Whilst we were at the Barbican on Saturday we stumbled a cross a stunning exhibition in the Curve Gallery by Walhead Beshty. He has used the cyanotype process to create more than 12,000 prints over the course of a year. Each print is made by coating a porous surface, such as paper or cardboard, with UV-sensitive cyanotype chemistry. One object from the artist's studio was placed on a coated surface each day, and the print was exposed directly to sunlight, producing the object's silhouette against a cyan blue background, and creating an image that appears almost like an x-ray.
The images filled the entire curved wall.
Some images were massive, printed on old opened up cardboard boxes, others were printed on the tiniest piece of paper, but they all fitted together like a jigsaw.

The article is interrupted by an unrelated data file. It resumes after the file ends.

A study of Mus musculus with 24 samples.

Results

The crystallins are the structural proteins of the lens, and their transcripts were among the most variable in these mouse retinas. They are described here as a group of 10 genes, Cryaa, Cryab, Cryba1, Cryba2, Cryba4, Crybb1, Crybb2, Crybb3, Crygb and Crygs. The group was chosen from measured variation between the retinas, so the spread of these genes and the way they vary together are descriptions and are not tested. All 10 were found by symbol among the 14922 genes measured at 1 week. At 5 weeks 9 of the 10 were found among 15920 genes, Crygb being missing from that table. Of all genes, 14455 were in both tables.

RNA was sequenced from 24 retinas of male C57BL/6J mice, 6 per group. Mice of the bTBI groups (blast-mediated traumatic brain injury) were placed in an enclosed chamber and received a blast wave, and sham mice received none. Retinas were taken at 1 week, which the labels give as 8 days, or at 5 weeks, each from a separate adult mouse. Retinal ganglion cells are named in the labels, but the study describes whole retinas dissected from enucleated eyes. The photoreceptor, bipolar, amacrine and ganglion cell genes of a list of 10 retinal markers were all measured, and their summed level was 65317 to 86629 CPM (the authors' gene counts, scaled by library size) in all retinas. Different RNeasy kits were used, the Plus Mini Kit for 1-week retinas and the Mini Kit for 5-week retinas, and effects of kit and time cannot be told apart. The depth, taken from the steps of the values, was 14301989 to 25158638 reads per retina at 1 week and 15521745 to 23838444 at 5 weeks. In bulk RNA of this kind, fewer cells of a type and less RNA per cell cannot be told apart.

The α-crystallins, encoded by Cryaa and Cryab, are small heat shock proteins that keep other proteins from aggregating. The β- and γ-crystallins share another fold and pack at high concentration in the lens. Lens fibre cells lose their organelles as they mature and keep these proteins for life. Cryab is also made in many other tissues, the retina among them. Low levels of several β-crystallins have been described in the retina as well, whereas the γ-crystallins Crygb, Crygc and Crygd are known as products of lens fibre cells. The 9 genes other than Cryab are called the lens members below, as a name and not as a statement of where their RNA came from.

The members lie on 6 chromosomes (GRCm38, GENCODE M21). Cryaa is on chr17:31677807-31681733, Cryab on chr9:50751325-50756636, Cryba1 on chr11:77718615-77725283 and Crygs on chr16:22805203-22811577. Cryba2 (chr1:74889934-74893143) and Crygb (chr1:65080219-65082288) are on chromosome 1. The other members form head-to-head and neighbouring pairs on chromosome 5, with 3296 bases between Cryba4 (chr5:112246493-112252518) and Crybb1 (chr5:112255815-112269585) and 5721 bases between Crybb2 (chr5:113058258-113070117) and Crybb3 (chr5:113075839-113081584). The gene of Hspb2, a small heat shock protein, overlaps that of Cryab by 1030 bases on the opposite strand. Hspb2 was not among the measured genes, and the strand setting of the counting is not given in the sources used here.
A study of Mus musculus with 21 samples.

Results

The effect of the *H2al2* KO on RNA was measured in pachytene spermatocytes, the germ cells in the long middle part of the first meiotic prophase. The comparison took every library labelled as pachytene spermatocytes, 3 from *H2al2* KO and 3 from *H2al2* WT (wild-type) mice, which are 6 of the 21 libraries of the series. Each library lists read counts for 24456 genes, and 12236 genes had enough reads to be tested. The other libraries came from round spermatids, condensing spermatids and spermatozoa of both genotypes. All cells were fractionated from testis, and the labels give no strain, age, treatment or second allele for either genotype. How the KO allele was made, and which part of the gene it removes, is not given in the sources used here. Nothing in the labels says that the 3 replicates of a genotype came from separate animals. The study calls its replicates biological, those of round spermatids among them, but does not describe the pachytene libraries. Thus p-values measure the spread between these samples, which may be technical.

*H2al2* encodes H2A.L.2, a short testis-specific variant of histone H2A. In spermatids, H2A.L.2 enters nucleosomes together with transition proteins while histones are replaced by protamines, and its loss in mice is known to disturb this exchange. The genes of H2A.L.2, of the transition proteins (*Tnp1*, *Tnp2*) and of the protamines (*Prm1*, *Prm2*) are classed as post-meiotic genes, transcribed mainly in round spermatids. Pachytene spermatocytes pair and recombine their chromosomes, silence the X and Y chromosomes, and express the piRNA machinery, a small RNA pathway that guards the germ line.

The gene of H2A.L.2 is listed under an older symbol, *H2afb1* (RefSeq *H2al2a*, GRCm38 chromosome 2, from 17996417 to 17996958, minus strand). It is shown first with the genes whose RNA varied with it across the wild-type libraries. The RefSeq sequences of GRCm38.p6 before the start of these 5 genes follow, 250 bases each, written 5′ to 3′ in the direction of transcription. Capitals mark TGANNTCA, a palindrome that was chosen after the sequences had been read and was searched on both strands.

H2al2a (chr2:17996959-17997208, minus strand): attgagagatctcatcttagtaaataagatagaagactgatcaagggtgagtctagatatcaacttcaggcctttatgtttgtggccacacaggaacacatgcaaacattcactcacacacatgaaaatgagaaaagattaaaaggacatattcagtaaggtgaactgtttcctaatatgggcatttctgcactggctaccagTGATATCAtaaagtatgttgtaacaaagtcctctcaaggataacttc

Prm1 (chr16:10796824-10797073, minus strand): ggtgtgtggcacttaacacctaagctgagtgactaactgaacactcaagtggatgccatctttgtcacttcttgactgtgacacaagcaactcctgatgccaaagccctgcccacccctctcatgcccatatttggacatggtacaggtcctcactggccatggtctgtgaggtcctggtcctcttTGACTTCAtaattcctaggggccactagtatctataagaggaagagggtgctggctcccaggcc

My favourite image was of these goggles. I love the fact that you can see them in 3D.
Some of the indigo becomes really deep in colour, some stays very light. The camera below left has been printed onto wood. The rubber glove below looks a bit sinister!
The exhibition was mounted like one massive patchwork and made quite an impact. It reminded me a lot of the boro quilts I loved so much in Japan, like the example below. I love the combination of the rough patchiness of the pieces, combined with the beautiful deep indigo blue colour.
Boro quilts are heavily patched and repaired indigo dyed cotton pieces that were made by the wives of fishermen or farmers out of necessity. They were mostly bedclothes and jackets that needed mending, and so each hole or fray was pieced with whatever fabric was available at the time. Some have been repaired so many times, that the original fabric is hardly visible, but the fabric takes on a whole new beautiful personality.